Posted by Eileen Pelletier on January 14, 2016. 0 Comments

About 25% of adults with arthritis are said to suffer from sleep disturbance. Studies have shown that hip or knee osteoarthritis is associated with increased sleep problems -- either insomnia or insufficient sleep.

It seems logical that better pain control would help you sleep better. If your osteoarthritis pain is not well-managed, have a conversation with your doctor about other options for pain control besides what you are doing now.

There are also several simple ideas that can help you sleep better with osteoarthritis. These ideas have to do with your habits and environment.

Change Habits for Better Sleep

Keep regular sleep habits in terms of when you go to bed and when you wake up. Stick with your routine even on days off and vacation.

Don't deviate and disrupt your sleep pattern.

Avoid caffeine and alcohol in the late afternoon and beyond. If consumed too close to bedtime, caffeine products may keep you from falling asleep or sleeping soundly. Drinking alcohol around bedtime also can disturb sleep.

Try not to nap in the daytime. Napping may interfere with nighttime sleep. Realistically, some arthritis patients need a nap to get through the day. If you must, set an alarm to give you a limited nap.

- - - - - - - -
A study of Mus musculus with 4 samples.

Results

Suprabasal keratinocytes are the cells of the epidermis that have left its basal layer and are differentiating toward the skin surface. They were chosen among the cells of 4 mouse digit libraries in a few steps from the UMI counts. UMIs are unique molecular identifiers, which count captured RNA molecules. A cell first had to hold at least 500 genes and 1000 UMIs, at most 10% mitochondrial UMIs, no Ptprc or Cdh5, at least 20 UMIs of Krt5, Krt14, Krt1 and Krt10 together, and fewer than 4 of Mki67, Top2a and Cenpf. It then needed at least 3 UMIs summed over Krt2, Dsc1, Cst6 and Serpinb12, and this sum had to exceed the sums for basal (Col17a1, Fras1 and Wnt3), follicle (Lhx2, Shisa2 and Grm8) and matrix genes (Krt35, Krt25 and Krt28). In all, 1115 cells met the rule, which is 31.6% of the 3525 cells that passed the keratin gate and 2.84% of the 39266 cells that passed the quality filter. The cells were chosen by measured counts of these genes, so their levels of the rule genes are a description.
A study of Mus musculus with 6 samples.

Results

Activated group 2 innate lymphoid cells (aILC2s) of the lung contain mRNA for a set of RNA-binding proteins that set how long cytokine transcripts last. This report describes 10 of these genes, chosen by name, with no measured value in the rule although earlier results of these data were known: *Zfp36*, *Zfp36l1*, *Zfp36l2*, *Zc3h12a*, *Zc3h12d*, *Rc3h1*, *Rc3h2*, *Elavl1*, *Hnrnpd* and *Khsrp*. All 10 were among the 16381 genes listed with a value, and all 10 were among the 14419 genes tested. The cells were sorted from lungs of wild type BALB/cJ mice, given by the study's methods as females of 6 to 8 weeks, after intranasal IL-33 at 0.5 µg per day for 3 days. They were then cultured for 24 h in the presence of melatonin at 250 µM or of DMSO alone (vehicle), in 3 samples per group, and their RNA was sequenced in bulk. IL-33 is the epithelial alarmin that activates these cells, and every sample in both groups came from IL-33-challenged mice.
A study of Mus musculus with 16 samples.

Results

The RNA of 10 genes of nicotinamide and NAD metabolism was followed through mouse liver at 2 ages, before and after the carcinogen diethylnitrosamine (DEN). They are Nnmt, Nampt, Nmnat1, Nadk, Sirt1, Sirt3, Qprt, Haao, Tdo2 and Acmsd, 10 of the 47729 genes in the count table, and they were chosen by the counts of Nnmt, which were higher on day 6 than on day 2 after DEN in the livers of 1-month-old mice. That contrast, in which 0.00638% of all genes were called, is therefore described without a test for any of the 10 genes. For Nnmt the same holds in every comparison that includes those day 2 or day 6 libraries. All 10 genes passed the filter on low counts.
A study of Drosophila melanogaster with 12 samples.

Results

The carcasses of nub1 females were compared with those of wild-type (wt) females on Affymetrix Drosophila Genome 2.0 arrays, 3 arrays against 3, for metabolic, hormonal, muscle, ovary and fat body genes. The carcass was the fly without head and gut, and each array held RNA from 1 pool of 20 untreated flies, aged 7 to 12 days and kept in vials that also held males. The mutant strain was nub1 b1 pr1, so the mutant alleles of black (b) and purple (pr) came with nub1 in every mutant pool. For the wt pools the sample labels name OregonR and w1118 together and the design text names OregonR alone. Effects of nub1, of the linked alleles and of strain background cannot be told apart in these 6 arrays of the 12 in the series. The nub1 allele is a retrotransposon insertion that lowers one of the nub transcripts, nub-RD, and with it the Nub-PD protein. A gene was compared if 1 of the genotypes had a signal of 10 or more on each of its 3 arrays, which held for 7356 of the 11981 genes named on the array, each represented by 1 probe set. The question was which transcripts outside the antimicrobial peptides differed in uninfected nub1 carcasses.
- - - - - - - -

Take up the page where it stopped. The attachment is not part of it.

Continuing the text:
Keep activities that work against rest and sleep out of the bed. Watching a scary movie on TV, using your laptop to work or play games, or reading thought-provoking materials while in bed likely will not promote sleep.

Avoid exercising within a few hours of bedtime. While exercising in the daytime can actually improve sleep, exercise that is too close to bedtime can disrupt sleep.


Get Comfortable

Keep your bedroom dark, quiet, and cool. The reasons for this recommendation are obvious. Light, noise, and feeling hot are all disruptive to sleep.

Get bedding and bed clothes that are silky and slippery. You will be unencumbered if you have bedding and pajamas that allow you to move easily in bed. Material that is restrictive will make you uncomfortable and may disrupt sleep.

Stack extra pillows where you need them. Always have extra pillows available. Adding a pillow under a sore joint can relieve pain and support the joint. Taking pressure off of the joint will help you sleep.

Have a light snack. A growling stomach is sure to keep you awake. Eat something light and have some milk.

Invite your pet to join you. Is there anything more comforting than laying with your beloved cat or dog? If you are a pet-lover, you know the answer. Being close to Fido or Felix may help you sleep better. However, you should know that many doctors recommend against this because nocturnal activity of cats and dogs may repetitively disturb your sleep without you even knowing it.

The Bottom Line

The goal is to stop any habits that disrupt sleep and promote habits that enhance sleep. Feeling relaxed and comfortable are essential to promoting better sleep.